Whether you like gifting your dog their own wrapped-up presents, dressing them up in a cute festive jumper or preparing them their own Christmas dinner, if your four-legged friend is having a good time, it really can make the festive period feel perfect.
But while we tuck into our delicious turkey dinners and selection boxes, it’s important to remind ourselves that not every Christmas treat is designed to be suitable for our dogs.
Pet food company tails.com warns that there are a number of festive dishes that you should not share with your pooch, no matter how eager they are to have a bite. The nutritional experts share advice on what to do if your dog has eaten any of them.
It might be an obvious one, but with so much chocolate around at Christmas time it can be hard for our dogs to resist, and even harder for dog owners, especially the kids, to resist those puppy dog eyes.
While selection boxes and assortment trays are fun festive treats for us humans, chocolate is extremely poisonous for dogs because of its high theobromine content, which is highly toxic for dogs as they are physically incapable of metabolising it. Chocolate can also cause your dog to experience an increased heart rate, as well as stress on their kidneys and nervous system.
If your pup does end up pinching a piece of chocolate when your back is turned, the nutritional experts at tails.com recommend how to handle it:
“If your dog eats even a small amount of chocolate, you should arrange an immediate appointment with your veterinarian, and in the meantime monitor their behaviour very closely for any symptoms or sickness”.
The darker the chocolate the more dangerous it is for your dog, and as little as 8.5 grams of cocoa-rich chocolate may even be enough to kill a small or young dog.
Mince pies are packed full of dried fruits such as sultanas, raisins, currants and grapes which can be extremely toxic for your dog. Even small amounts of these kinds of fruits can lead to severe kidney failure in your pooch.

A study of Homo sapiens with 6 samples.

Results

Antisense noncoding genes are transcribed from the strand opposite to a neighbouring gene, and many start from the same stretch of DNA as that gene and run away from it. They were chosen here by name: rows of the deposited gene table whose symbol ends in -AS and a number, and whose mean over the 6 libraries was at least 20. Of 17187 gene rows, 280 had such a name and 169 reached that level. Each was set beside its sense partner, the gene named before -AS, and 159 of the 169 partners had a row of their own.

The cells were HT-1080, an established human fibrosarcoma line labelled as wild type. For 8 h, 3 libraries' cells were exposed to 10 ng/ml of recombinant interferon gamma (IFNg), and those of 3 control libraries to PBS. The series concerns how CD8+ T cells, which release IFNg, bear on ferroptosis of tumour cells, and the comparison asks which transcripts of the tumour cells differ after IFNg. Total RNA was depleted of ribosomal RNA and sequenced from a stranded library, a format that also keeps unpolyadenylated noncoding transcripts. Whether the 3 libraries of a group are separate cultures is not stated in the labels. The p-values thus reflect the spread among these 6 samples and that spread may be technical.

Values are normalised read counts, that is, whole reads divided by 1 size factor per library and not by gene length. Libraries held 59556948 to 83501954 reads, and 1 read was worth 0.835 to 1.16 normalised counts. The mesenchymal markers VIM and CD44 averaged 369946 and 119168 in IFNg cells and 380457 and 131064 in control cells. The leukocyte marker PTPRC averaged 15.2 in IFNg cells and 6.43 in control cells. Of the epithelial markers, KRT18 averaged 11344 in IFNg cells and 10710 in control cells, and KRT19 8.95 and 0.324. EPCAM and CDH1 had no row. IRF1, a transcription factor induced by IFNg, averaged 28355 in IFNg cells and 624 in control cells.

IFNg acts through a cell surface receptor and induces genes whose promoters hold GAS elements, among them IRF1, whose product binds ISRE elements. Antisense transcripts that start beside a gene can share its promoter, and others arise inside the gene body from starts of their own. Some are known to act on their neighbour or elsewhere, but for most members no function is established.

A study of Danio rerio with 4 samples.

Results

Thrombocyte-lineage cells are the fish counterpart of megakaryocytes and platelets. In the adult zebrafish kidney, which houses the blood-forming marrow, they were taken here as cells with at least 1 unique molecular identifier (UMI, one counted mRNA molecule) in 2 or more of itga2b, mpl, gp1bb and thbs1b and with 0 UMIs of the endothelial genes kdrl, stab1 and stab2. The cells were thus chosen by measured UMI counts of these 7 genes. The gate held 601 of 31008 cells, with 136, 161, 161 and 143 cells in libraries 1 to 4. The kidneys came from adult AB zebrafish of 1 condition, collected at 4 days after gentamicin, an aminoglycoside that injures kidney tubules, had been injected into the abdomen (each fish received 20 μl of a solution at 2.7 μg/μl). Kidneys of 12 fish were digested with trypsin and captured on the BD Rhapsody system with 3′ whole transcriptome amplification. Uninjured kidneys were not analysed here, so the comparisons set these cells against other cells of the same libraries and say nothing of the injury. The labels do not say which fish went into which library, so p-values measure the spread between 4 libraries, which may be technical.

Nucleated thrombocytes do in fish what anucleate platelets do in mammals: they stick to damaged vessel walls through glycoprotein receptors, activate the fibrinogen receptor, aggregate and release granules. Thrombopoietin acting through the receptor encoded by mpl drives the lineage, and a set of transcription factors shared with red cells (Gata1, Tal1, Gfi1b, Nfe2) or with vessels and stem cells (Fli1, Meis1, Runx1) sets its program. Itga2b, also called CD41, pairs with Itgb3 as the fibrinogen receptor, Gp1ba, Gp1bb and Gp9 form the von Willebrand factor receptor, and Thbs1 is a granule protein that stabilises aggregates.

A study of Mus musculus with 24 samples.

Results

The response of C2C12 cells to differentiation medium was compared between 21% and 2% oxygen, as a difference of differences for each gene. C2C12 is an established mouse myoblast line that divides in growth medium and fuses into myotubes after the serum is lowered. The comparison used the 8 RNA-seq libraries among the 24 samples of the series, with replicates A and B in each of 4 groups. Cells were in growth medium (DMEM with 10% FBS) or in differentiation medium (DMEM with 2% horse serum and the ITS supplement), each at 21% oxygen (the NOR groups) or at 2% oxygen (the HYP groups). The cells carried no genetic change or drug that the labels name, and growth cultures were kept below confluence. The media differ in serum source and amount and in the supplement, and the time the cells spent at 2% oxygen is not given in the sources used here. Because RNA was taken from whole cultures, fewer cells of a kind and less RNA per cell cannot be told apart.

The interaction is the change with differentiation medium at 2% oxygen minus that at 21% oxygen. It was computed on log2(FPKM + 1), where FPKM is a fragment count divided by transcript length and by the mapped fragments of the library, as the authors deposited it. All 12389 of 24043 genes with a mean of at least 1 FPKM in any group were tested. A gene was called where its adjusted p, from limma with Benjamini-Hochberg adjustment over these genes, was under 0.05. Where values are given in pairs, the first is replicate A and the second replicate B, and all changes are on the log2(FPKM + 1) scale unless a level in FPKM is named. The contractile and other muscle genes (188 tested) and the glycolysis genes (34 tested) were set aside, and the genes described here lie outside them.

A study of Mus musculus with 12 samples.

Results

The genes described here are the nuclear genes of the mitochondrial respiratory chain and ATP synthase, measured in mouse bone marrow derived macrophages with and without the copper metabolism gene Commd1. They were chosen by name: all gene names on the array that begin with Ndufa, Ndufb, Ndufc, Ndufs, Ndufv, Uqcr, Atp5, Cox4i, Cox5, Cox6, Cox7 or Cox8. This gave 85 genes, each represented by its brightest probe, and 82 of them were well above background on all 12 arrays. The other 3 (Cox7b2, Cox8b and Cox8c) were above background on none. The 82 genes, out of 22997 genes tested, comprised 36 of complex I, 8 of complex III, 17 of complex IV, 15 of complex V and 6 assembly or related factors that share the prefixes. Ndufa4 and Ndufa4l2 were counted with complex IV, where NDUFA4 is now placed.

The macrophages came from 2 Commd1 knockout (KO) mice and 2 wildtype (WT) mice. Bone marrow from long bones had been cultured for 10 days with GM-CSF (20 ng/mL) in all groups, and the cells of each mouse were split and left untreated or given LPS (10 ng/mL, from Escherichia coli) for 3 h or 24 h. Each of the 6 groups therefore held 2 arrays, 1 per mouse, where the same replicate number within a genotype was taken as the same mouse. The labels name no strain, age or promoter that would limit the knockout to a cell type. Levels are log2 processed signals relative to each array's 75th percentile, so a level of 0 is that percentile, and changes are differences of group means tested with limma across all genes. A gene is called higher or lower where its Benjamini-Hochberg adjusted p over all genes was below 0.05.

Much like mince pies, Christmas puddings are full of dried fruits that can be toxic for your dog. An added danger of the Christmas staple is that they also often contain alcohol, making this dessert even more harmful for your canine companion.
It might seem like common sense to most dog owners, but giving your dog alcohol is never okay, and It goes without saying that any food containing spirits, beer or wine, should not be given to your dog either.
We know that our pups have a special gift to sniff out forgotten scraps days after Christmas day has passed. But when food gets left for too long it can become a breeding ground for mould and bacteria, with bread, meat and dairy products such as cheese and yoghurt being particularly susceptible.
The nutritional experts at tails.com recommend that: “it is important to keep any leftovers out of reach from your pet, and extra important to not keep any leftovers in the fridge for any longer than 24 hours or the recommended amount of time on the product’s packaging”.
Skin and Bones
While it is fine to feed your dog small portions of leftover turkey, it is important to keep your pooch away from the skin and bones of the bird.
Turkey skin is far too fatty for your pooch and eating greasy foods like this can lead to pancreatic issues and obesity, especially in smaller dogs.
Not only are meat bones a potential choking hazard for your dog, but they may also cause internal damage to their organs, as they are too hard to digest properly. So, despite the phrase ‘give a dog a bone’ being a popular one, it is not actually good advice.
Likewise, you need to be careful with the amount of gravy you are giving your dog. Although, your pooch would gleefully slurp up litres of the meaty sauce if they had the choice.
Onions, Garlic, Shallots and Leeks
While onions, garlic, shallots and leeks are tasty for us humans on Christmas day, they all belong to the allium plant family, which is poisonous for dogs.
Things like onions and garlic contain a chemical compound called thiosulfate which can be toxic for dogs as it causes damage to their red blood cells, which may result in your dog becoming anaemic.
For this reason, it is important to resist the urge to feed your dog any leftover stuffing from your Christmas dinner, as it tends to be packed full of onions and garlic.
Although not all nuts are toxic, they are all high in fat and serve as potential choking hazards for those extra-greedy dogs who are too excited to remember to chew properly. Also, feeding your pooch nuts that are overly salty can also lead to complications with their water retention.
“Macadamia nuts are a popular festive treat, but they can be extremely harmful to your dog as they are extremely fatty and even small amounts can cause your pooch to experience diarrhoea, vomiting and weakness in their hind legs, or in the worst-case scenario may even lead to pancreatitis (inflammation of the pancreas)”.
If your dog has consumed a large number of nuts and appears to be showing symptoms, then you are advised to seek veterinary attention as soon as possible.